OLR Research Report

December 3, 2013




By: Katherine Dwyer, Legislative Analyst II

You asked for information about other states' legislation that supports youth mentoring programs.


We found legislation supporting youth mentoring programs in three states (Colorado, Iowa, and Michigan.) Colorado law establishes a youth services program that provides grants to eligible youth mentoring services and programs. Iowa law defines a certification process by which youth mentoring programs may become eligible for grants through the state Department of Public Health. In Michigan, the law allocates funds to school districts in which youths are enrolled in the state's Michigan Youth Challenge Academy. The Academy provides 12 months of mentoring for attendees.

We also found a 1996 executive order issued by the California governor that resulted in a state employee policy supporting such programs. The policy enables permanent full-time employees to be paid for up to 40 hours of mentoring per year if they meet certain requirements.

Additionally, New Jersey law calls for the establishment of an at-risk youth mentoring program (NJS 34:15F-1). However, according to the state Department of Labor and Workforce Development, the program was never funded.

Indiana law permits a prosecuting attorney to establish and administer a youth mentoring program (I.C. 33-39-2-7). However, we were unable to confirm if any Indiana prosecutors have established such a program. We will forward you any additional information we receive.



The Colorado legislature established the Tony Grampsas Youth Services (TGYS) program in 1994 “to provide state funding for community-based programs that target youth and their families for intervention services in an effort to reduce incidents of youth crime and violence.” Among other things, the program provides grants to eligible youth mentoring services and programs (CRS 26-6.8-102.) According to the program's website, TGYS 2013-14 fiscal year funding comes from the state's General Fund and “master tobacco settlement dollars.” The money will go to 56 lead agencies, which will use it to support over 100 community organizations. TGYS mentoring program grant recipients for FY 2013-14 include:

1. Big Brothers Big Sisters of Colorado ($70,022),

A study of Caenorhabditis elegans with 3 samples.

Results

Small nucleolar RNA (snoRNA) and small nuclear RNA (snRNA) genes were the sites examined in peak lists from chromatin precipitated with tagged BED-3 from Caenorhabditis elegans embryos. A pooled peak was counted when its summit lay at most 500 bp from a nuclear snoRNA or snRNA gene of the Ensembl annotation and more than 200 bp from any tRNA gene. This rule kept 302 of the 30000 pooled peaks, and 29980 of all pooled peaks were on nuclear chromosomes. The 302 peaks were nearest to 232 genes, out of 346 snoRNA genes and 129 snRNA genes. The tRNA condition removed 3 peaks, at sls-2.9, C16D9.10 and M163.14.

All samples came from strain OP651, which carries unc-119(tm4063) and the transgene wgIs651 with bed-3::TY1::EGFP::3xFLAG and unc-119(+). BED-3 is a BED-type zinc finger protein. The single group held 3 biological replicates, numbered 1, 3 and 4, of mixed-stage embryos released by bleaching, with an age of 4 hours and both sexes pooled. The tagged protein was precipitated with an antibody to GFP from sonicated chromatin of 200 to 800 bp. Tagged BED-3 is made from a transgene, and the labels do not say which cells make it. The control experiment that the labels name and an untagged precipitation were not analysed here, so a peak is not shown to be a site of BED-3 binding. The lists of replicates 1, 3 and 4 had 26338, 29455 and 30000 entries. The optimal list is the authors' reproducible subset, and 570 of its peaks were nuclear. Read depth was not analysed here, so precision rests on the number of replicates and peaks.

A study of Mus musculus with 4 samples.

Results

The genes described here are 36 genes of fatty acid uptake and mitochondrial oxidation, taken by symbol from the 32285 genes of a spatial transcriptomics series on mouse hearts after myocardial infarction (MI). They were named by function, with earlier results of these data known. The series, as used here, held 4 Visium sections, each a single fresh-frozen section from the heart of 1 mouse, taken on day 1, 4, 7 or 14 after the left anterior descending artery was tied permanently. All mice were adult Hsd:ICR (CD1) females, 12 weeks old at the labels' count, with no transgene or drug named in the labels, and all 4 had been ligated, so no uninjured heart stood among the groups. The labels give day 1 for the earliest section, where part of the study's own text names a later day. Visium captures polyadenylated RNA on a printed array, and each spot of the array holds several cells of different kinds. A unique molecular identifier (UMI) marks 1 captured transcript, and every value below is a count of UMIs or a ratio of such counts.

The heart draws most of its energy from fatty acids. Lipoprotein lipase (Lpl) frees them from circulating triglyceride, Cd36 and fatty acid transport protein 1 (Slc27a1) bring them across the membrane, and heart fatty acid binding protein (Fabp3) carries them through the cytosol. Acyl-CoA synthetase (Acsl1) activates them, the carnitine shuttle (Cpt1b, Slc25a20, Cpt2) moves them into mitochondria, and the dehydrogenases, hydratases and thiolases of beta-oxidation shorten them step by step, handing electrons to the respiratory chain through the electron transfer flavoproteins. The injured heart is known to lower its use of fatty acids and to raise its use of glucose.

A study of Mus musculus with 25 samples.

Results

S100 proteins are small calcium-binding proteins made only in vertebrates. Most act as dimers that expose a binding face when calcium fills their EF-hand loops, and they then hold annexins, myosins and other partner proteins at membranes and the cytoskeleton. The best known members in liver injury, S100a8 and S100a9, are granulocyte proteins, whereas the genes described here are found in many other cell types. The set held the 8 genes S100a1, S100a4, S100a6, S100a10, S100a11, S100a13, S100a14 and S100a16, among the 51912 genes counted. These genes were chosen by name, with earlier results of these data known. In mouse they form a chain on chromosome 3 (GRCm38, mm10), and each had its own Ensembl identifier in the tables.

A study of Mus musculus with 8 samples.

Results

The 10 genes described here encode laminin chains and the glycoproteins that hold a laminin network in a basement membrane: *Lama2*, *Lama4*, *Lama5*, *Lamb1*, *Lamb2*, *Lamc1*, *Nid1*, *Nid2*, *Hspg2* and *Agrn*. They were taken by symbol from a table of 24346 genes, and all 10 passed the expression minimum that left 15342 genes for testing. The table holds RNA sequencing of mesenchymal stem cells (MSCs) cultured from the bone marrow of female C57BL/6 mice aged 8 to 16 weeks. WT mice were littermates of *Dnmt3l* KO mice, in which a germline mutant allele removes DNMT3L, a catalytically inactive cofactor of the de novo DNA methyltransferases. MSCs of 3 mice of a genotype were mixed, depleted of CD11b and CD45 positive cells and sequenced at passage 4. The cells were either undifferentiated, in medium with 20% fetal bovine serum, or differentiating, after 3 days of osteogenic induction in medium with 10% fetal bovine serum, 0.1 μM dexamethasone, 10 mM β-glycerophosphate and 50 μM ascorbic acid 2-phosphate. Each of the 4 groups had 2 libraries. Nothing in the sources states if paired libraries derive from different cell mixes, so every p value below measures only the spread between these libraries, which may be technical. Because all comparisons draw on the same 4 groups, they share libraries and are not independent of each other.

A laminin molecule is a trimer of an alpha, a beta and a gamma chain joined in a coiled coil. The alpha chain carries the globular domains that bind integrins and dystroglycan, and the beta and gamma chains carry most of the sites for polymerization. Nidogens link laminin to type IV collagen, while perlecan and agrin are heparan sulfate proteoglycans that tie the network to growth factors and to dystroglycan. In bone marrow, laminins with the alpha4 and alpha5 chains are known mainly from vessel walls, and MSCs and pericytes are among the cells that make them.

2. Colorado I Have A Dream Foundation ($31,300),

3. Colorado Youth at Risk ($139,086),

4. YESS Institute ($51,300), and

5. Mesa Youth Services, Inc. ($47,050).

For more information about the TGYS Program, visit: http://www.colorado.gov/cs/Satellite/CDHS-ChildYouthFam/CBON/1251645046184


In Iowa, youth mentoring programs may be certified to participate in the Iowa Mentoring Partnership, a state government program. Once certified, a program is eligible for grants through the Iowa Department of Public Health. The Iowa Administrative Code defines the youth mentoring program certification process and requirements (IAC 817-8.2(15H).)

In order to be certified, a youth mentoring program must have:

1. a statement of purpose and long range plan;

2. mentor and participant recruitment plans, eligibility screenings, and training curricula; and

3. mentor and mentee orientation.

An eligible program should also have a strategy for matching mentors with mentees; a consistent monitoring process; and a support, recognition, and retention component.

For more information about the Iowa Mentoring Partnership, visit:



The Michigan Youth Challenge Academy (MYCA), funded by the state and the National Guard Bureau, helps high school dropouts age 16 through 18 to get their GED. Participants spend 22 weeks at Fort Custer in Augusta, Michigan, where they receive 400 hours of classroom instruction and GED preparation. Upon completing the program's residential component, each participant receives assistance from an adult mentor for an additional 12 months. The program is free for eligible youths, and there is no military enrollment obligation.

Michigan law allocates up to $1.5 million for payments to school districts with youths enrolled in MYCA. To receive payment, an eligible school district must contract with the state Military and Veterans' Affairs Department to ensure that all of the funds are used for the youth challenge program (although it may use up to 3% of the payment for administrative expenses)(MCL 388.1624c).

For more information about the MYCA, visit:



In 1996, California Governor Pete Wilson issued an executive order (W-132096) allowing full-time state employees to receive up to 40 hours of paid “mentoring leave” per calendar year. The order resulted in the State Employee Mentoring Leave Policy.

To be eligible for paid mentoring leave under the policy's current guidelines, a state employee must have (1) a permanent appointment, (2) successfully completed his or her probationary period, and (3) committed to mentor a child or youth for one year through an organization that meets certain quality assurance standards. Additionally, in order to be eligible for paid leave, the employee must first devote an equal amount of personal time to mentoring.